You have entered the world of marketing. Welcome to my personal version of hell. Alright, marketing is not that bad, but trying to guess what your customer wants and what he needs, while finding a way to let him know that you have just that item can be difficult. By selling your home, you are offering a product, and home staging is the key to presenting that product in the best light (yes, I used this word intentionally).
I have discussed home staging in other articles, posts, or on my website, but while writing these posts, I knew that I could apply some ideas for lighting to home staging. I have walked through houses where people have either turned on all the lights or none of the lights when presenting their home to potential buyers. Your home has become a product competing with many other models, and you have become the salesperson and marketer for your home. Your Realtor will have taken on this role too, but a quick successful sale will not occur without your participation. Keeping to my theme from the first post, you are setting the stage with lights to assist you in the sale.
Home buying is emotional. The buyer wants to feel that this house can be his home. Your job is to create an inviting, intimate space for them. If you have moved out of the house, lighting will not play the part that it does when the house is furnished. You want the house to feel expansive, and without furniture, general lighting helps with this effect. Clear items or prune shrubs away from windows to allow a flood of natural light in when blinds and curtains are drawn. However, if you are still living in the house, use accent and spot lights to draw the buyer’s eyes to the ares that you want to highlight. A reading spot, an office desk, a night stand, an artwork are locations of your home that show the spots of concern for a buyer to feel as if they could live there. People want a personal spot to do their work, read, set their glasses down on. Maybe a task light on a coffee maker in the kitchen with a cup ready for the beverage. You do not need to have coffee made, but the impression that it is ready to go. Kitchens always have some mess associated with breakfast or dinner, so using a task light to emphasize one spot will detract from the stain in the sink or cabinet. Look at each room, and find a way to highlight an image of you can move right into this home. Buyers will be looking in the most unusual places, so take charge of what they see by using the idea that they will head towards a light.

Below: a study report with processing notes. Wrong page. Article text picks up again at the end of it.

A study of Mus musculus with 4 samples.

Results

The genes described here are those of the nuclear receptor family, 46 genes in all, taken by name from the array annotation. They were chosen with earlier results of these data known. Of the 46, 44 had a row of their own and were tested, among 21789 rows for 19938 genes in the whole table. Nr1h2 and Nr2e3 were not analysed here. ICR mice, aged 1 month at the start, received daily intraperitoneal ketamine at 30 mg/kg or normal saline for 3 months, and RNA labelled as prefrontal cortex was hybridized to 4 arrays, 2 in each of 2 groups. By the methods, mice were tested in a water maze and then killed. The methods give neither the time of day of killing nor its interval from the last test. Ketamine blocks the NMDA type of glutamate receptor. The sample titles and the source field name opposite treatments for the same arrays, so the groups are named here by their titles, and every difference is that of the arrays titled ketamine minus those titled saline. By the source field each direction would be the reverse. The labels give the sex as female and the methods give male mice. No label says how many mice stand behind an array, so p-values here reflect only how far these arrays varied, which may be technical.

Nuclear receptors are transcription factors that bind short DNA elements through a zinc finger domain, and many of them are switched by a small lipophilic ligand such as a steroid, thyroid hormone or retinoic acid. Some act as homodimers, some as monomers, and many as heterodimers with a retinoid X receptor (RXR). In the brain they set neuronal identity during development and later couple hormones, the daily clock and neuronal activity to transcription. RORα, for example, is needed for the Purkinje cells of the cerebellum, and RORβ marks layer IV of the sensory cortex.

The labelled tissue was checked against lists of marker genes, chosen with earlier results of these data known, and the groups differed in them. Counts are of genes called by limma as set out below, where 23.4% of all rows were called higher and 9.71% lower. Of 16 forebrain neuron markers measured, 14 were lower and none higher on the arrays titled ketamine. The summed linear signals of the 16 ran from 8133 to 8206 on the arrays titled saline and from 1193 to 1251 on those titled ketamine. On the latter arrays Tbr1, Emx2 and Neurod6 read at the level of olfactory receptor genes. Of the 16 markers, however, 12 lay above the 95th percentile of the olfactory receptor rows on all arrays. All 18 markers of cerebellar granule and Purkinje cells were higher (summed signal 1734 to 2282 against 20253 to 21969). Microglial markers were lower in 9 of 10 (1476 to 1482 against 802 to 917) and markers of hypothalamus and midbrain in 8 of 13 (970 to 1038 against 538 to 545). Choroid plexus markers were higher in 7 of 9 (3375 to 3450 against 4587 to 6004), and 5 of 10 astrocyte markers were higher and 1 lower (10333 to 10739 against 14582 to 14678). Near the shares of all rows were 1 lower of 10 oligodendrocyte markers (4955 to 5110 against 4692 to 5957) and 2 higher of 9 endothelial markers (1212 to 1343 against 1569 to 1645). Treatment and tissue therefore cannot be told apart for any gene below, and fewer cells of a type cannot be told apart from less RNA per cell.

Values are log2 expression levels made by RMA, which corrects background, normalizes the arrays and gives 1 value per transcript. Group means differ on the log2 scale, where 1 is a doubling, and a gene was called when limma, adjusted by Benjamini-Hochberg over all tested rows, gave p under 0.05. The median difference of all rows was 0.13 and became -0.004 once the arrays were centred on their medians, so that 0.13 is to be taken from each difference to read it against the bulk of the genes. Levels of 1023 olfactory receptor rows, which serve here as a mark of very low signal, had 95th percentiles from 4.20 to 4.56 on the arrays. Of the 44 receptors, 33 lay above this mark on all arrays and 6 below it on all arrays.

A bit more about windows, I would look to see if you could set a scene outside of the window to create a picture effect. Maybe a potted plant or some tableau can be placed there for their eye to focus on. If you have moved out of the house, raise the chandeliers up to allow the customer the freedom to walk around in the room without having his head hit.
Home staging can make the difference between a quick sale for your home, or your house staying on the market for some time. This is the art of presentation of a product, and lighting can be a great tool in your arsenal.